Monday, February 16, 2009

Five for Fighting

The Phillies and Mets (of all teams) have a similar problem that has to be addressed. Both teams number five starting spot is up-for-grabs. As Richard Marsh, explained in his slide-show about the New York Mets five rotation issue, the Philadelphia Phillies have one of their own that has to be addressed.

As of right now, it is a four man slug-fest for the fifth starting spot between Rookie and top prospect Carlos Carrasco, 2nd year lefty J.A. Happ, third year righty Kyle Kendrick, and veteran right-hander Chan Ho Park. Sub-par veteran right-hander, Adam Eaton has ultimately been "eliminated" from the running; due to his sub-par performance throughout his tenure in Philadelphia going 14-18 in two seasons.

The fifth starting spot has always been a problem for the Phillies.

During the 2008 season the Phillies used a number of different pitchers down the stretch when Kendrick ran out of gas and Eaton just imploded.

Onward to the pitchers fighting for that coveted fifth spot.

Kyle Kendrick

In the green corner: Kyle is returning from a season which featured both his high and low points. At the crux of the season, he was removed due to a number of problems. The 2008 season saw him have a career high in wins, but a career high in losses, E.R.A., walks, etc.

2008 Season:

11-9, 5.49 ERA, 68 SO, 52 BB in 31 games, 30 of which he started with 155.2 Innings Pitched.


21-13, 4.78 ERA, 117 SO, 82 BB in 51 games, 50 of which he started with 276.2 Innnings Pitched

Keys to regaining the fifth starting spot: show he can command his slider, show he's willing to use his changeup and show that he can get left-handed hitters out better. Has to regain his confidence, throw his changeup more and show the Phillies that he is every bit as capable of being a consistent winner like he was in 2007 and early in '08.

James Anthony (J.A.) Happ

In the red corner: J.A. (pronounced: JAY) Happ saw his first career win last season The Phillies won the four games he started, including two games against the Braves in September, when Happ replaced Kendrick in the rotation. Happ proved he can compete in critical situations. He finished strong. He made the postseason roster. So he enters Spring Training with plenty of people feeling good about him.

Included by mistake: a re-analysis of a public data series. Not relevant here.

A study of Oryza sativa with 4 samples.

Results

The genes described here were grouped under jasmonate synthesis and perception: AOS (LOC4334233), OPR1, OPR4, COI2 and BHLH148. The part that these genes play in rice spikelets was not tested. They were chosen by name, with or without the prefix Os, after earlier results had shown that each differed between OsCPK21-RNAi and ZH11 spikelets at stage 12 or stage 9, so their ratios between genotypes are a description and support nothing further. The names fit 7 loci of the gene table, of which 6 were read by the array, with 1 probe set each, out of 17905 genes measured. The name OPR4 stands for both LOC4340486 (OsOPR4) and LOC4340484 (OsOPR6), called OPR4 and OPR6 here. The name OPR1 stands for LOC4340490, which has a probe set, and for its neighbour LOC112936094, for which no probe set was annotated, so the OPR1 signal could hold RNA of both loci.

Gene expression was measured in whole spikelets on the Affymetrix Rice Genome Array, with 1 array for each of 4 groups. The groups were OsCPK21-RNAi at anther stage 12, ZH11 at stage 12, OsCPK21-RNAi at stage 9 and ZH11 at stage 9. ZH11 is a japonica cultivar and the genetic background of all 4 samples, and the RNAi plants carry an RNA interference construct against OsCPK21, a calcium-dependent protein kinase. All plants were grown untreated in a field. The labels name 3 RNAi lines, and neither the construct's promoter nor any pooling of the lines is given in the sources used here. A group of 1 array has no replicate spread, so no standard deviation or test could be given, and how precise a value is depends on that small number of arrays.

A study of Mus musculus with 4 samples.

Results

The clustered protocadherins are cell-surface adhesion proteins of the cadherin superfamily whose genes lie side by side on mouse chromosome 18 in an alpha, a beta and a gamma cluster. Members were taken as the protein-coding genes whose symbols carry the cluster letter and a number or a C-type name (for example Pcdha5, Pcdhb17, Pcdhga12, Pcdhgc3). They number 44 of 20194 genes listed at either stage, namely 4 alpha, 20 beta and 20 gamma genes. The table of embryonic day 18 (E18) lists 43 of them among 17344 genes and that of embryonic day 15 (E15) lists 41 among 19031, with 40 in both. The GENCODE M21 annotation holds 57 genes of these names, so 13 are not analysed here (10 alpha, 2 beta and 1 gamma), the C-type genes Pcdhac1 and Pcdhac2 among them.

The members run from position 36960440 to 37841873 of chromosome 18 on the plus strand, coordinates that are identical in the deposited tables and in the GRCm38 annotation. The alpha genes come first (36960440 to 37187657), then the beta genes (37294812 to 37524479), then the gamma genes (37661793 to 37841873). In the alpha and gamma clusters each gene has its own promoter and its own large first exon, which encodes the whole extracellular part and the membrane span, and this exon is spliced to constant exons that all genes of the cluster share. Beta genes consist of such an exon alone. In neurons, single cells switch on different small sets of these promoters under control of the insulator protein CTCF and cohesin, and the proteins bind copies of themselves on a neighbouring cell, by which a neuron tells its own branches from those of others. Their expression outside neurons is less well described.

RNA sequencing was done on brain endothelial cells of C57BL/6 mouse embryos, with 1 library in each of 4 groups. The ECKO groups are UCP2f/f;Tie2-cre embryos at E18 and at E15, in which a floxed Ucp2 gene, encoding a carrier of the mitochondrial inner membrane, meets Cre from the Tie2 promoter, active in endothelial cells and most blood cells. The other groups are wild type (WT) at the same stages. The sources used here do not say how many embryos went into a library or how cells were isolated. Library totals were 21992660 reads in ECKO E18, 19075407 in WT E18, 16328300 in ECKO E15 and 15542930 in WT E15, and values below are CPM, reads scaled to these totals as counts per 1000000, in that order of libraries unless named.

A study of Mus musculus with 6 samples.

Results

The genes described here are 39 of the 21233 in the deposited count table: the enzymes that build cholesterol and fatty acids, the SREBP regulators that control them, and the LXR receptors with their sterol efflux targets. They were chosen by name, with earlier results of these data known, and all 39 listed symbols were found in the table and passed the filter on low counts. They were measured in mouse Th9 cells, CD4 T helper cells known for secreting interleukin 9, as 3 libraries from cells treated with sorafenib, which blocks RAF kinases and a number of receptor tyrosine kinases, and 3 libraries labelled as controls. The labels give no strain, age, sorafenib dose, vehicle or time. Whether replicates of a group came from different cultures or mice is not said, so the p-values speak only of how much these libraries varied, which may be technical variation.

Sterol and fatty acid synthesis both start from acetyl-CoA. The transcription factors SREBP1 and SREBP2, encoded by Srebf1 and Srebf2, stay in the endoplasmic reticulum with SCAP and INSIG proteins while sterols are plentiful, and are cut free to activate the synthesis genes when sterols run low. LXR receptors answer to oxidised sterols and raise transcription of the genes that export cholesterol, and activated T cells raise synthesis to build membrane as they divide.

2008 Season

1-0, 3.69 ERA, 26 SO, 14 BB, 31.2 IP in eight games, four of which he started.


1-1, 4.54 ERA, 31 SO, 16 BB, 35.2 IP in nine games, five of which he started.

Keys to earning the fifth starting spot: outshine all other candidates for the job.

Chan Ho Park

In the blue corner: Park, came here to Philadelphia to do one thing: start. I don't think he expected there to be competition for the fifth starter's job, though. In 280 career starts, Park is 112-85. And last season went 4-4 in 54 appearances, going 1-0 in four starts. But since the 2001 season Park has gone 34-34, 5.48 ERA in 104 starts with L.A.

2008 Season with Los Angeles Dodgers

4-4, 3.40 ERA, 95.1 IP, 79 SO, 39 BB, 2 SV out of 5 SVO in 54 games, five of which he started.


117-94, 4.34 ERA, 1590 SO, 858 BB, 1846.0 IP, 2 SV, in 378 games, 280 of which he started.

Keys to earning the fifth starting spot: prove that veteran know-how is better than youth. As an accomplished starter user the experience to earn the spot.

Carlos Carrasco

And finally in this corner, the Phillies top Minor League Pitching Prospect. He will be pitching most likely for Team Venezuela in the World Baseball Classic. He is highly-toted, and looks forward to breaking into the rotation sometime soon.

2008 Season in Minors

7-7, 4.32 ERA at AA Reading; 2-2, 1.72 ERA at AAA Lehigh Valley; 3-0, 2.11 in 11 starts in a Venezuelan Winter League.

Minors Career

27-20, 3.93 ERA, 510 SO, 240 BB, 581.1 IP in 108 Games, 103 of which he started.

Keys to earning the fifth spot: prove the hype about you is right. Don't expect anything other than most likely a full year at AAA. But be ready if none of the other three don't perform. Show unbelievable poise for someone at his age (21).

Let the fight begin. Let the debating begin.